Kent

Antony Gormley sculpture Two Stones gets new home

Two Stones by Antony Gormley at Kent History and Library Centre in Maidstone
Image caption The restored Two Stones artwork has been installed outside Kent History and Library Centre in Maidstone

A sculpture by Angel of the North creator Antony Gormley has been moved to its new home following restoration work.

Gormley's piece, entitled Two Stones, was winched into place outside the Kent History and Library Centre in Maidstone.

It previously sat at Singleton Lake in Ashford but had to be removed in 2010 after it was vandalised.

The stones were repaired by specialists in Telford, Shropshire.

The 1994 Turner Prize winner was commissioned by Kent County Council (KCC) in 1979 to create the piece while he was completing his studies at Maidstone College of Art.

'Seminal work'

It is composed of an eight-tonne water-hewn granite from Scotland and a bronze and concrete replica.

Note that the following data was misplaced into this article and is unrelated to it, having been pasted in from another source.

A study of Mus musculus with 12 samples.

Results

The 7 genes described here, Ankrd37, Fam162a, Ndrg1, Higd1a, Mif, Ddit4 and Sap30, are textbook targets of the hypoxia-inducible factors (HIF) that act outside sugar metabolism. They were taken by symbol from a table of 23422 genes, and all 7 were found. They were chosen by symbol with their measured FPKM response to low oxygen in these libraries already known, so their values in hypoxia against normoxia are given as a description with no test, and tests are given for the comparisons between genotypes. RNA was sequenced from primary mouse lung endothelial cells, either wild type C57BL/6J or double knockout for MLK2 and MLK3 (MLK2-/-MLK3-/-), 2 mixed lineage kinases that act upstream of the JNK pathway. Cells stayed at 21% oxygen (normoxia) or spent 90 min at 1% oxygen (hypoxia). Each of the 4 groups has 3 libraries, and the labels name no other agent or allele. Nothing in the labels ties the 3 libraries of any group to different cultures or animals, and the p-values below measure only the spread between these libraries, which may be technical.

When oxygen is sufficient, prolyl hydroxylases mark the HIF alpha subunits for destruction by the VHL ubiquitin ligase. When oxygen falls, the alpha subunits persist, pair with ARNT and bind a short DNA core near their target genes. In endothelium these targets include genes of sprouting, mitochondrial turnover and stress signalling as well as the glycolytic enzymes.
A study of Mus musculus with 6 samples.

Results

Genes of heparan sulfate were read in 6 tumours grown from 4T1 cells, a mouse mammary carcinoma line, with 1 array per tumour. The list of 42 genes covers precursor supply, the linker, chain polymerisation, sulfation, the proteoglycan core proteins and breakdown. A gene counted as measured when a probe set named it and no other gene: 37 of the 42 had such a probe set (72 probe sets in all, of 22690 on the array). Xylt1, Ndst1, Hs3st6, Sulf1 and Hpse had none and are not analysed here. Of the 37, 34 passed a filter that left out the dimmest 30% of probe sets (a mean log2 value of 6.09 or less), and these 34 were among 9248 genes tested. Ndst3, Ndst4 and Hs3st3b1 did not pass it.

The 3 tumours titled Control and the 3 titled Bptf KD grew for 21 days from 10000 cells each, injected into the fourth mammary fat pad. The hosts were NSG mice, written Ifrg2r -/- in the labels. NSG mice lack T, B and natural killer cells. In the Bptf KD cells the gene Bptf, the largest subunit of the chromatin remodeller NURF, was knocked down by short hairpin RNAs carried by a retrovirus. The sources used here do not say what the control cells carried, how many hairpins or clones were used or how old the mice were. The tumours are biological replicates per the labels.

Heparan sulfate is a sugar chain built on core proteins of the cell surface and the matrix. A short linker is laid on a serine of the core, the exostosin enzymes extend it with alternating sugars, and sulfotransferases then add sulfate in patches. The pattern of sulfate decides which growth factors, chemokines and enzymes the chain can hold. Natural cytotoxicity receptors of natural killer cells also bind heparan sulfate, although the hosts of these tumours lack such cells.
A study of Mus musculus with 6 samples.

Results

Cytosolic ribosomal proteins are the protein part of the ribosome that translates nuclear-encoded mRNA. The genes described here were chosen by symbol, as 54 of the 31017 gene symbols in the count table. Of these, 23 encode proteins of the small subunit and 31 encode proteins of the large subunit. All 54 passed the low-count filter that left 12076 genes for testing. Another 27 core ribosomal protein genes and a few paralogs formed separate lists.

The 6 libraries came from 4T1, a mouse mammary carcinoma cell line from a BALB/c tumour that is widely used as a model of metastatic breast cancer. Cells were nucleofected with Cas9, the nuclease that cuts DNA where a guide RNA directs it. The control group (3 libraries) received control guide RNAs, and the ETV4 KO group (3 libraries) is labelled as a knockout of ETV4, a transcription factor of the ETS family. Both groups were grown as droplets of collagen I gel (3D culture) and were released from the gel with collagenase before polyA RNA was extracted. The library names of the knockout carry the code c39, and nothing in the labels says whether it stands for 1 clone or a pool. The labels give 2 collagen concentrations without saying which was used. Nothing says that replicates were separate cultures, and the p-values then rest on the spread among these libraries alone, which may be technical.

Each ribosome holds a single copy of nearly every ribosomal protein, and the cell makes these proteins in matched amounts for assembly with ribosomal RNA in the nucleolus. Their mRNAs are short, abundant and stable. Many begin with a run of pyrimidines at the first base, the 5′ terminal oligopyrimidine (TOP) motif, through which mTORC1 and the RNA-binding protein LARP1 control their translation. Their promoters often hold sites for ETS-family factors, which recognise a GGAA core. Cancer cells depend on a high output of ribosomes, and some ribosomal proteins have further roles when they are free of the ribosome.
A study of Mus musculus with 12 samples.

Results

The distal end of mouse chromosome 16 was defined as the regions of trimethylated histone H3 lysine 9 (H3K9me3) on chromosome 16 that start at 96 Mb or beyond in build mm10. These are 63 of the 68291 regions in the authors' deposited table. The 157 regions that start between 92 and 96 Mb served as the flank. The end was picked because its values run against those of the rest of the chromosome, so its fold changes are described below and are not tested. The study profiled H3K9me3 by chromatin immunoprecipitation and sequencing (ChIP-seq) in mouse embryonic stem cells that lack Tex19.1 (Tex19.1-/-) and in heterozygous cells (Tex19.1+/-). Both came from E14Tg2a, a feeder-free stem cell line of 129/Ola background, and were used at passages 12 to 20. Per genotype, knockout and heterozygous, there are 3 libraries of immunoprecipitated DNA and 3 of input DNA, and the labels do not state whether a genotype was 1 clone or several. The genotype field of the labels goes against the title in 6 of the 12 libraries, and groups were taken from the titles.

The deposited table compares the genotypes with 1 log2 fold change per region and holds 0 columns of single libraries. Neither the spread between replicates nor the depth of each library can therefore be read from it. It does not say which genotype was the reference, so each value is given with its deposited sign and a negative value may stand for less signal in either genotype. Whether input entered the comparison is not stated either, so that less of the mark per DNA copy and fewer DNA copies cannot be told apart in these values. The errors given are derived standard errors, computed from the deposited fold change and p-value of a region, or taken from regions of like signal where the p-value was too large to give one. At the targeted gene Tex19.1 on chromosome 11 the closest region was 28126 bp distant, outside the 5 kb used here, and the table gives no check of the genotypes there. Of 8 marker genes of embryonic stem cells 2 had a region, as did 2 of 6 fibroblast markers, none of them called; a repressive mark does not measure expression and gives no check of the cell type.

KCC project co-ordinator Matt Hyland said: "The Gormley Two Stones sculpture is a unique and valuable asset of KCC and due to the poor condition due to the vandalism, the sculpture had to undergo major refurbishment works by specialists to return it back to its former glory.

Image caption The sculpture was located at Singleton Lake in Ashford for nearly 30 years

"There are similarities with the original sculpture's location, where change from new development was taking place.

"The scale and form of the sculpture sits in stark contrast to the new contemporary library building, being of a suitable scale and form that will enable them to become part of the character of the area."

He added: "Antony Gormley has since become one of the nation's most prolific sculptors, creating pieces that are provocative, thoughtful and deeply involving wherever they are.

"KCC is proud to have commissioned his first work and has worked with him to ensure that it achieves the quality of location and prominence that this seminal work deserves."

The sculpture was exhibited on the lawn of the Serpentine Gallery in central London for two months in 1981 before it was moved to Ashford.